We must save Britain's failing savings culture before it's too late

 
Tom Welsh
Poor annuity rates threaten to put people off saving altogether (Source: Getty)

The chancellor may be cheering the collapse in government bond yields since Mark Carney announced a fresh round of monetary easing last week, but companies with final salary pension schemes certainly are not.


If gilt yields fall, pension fund deficits widen – and the increasing price of government bonds barely counteracts this. According to former pension minister Ros Altmann, for every one percentage point fall in long gilt yields, the average pension fund’s asset values edge up 7-10 per cent but its liabilities jump 20 per cent.

A few companies may fail as a consequence of the extra burden. But falling yields have also impacted individual savers, and threaten to undermine what’s left of Britain’s savings culture.

Read more: Bank of England suffers bond setback as QE kicks off again

Annuity rates are directly related to gilt yields, and today annuities pay a miserly income even for those with enormous pots. Financial adviser Tilney says £1m will now buy a 65-year-old an inflation-linked annual income of just £25,000. Many will look at the years of delayed gratification required for a few pennies extra in retirement and, disastrously, judge it not worth the bother.


George Osborne’s pension reforms thankfully mean people can avoid annuities altogether. But if we’re going to head off a broader collapse in saving, there is more the government must do.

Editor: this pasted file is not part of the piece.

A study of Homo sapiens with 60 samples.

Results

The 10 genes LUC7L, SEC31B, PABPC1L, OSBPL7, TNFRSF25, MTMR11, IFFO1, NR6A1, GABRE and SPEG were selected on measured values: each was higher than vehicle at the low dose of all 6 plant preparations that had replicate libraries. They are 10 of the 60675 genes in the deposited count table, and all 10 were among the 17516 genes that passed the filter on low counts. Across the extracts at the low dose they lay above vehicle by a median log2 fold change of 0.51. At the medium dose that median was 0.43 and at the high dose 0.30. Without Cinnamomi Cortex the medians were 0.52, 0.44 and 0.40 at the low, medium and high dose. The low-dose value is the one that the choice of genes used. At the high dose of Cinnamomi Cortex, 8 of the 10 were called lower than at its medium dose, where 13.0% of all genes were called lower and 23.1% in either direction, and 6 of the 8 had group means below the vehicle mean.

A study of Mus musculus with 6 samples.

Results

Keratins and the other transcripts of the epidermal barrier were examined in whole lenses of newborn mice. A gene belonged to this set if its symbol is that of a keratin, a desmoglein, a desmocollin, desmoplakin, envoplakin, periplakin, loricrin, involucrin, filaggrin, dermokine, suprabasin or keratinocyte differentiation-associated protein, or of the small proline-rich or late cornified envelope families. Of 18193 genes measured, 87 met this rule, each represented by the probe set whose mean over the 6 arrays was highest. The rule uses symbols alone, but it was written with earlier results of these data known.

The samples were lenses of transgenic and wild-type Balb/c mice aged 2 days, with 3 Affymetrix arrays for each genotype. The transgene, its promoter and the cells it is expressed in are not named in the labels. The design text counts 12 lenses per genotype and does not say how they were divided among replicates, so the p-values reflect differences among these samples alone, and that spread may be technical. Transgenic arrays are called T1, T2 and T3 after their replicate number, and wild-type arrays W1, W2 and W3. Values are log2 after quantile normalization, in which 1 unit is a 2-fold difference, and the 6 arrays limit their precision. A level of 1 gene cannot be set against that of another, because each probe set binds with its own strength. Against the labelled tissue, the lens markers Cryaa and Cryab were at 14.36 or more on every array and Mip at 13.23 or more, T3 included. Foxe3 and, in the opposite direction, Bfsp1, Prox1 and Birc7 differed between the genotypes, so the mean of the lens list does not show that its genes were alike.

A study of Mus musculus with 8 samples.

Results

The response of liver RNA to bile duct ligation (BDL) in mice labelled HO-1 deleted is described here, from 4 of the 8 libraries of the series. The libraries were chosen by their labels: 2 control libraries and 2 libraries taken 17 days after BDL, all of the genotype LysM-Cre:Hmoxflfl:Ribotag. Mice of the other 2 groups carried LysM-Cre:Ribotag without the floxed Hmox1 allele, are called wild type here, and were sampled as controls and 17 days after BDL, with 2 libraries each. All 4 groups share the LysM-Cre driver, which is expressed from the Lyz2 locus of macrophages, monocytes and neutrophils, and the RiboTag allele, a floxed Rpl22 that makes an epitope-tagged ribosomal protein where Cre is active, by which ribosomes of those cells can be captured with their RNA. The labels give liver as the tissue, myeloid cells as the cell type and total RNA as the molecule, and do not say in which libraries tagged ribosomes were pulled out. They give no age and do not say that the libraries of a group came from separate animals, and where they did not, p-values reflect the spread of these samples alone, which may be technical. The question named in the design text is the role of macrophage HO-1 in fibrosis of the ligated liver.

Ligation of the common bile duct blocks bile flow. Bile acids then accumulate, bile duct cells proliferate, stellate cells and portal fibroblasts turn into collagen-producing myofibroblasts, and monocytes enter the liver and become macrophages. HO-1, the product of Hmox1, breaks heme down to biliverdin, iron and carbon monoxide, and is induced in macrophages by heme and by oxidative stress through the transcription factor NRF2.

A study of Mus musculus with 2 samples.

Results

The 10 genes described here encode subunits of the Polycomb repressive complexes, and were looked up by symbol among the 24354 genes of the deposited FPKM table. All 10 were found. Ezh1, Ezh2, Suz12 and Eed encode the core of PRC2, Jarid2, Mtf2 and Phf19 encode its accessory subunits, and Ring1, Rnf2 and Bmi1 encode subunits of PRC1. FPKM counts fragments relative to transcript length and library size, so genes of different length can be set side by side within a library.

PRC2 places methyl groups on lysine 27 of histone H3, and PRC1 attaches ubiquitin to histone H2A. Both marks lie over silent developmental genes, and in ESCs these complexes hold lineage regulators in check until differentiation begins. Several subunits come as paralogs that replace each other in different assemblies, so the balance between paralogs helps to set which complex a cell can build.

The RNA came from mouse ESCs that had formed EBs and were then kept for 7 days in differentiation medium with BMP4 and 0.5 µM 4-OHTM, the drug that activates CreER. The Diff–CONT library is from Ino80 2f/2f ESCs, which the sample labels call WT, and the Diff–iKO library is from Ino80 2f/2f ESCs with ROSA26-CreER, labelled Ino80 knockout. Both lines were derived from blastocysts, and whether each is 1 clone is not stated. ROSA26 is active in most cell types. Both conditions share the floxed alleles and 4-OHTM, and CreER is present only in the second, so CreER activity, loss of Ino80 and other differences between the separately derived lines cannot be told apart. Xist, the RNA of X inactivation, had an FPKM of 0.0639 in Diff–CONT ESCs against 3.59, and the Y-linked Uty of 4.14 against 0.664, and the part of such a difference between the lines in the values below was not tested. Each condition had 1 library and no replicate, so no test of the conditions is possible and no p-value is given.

Read more: Surviving the lifetime allowance: Why it pays to plan

First, it should reverse its decision to cut the pension lifetime allowance to £1m. It already penalises those who do the right thing and make wise investment decisions. When £1m no longer gets you very much in terms of income, the lifetime limit makes even less sense.

Second, government must be much clearer about what pension tax reliefs will look like in the future. There was speculation earlier in the year that the current system would be abolished. These plans fell victim to politics, but savers need greater certainty if they’re to commit to the long-term task of retirement saving.

Finally, unaffordable pledges like the state pension triple-lock have compounded expectations that government will provide a comfortable income for retirees indefinitely. It won’t. Let’s be honest with younger people: they will be overwhelmingly reliant on money they save themselves. However poor returns might be now, they will be better off with some retirement income than none.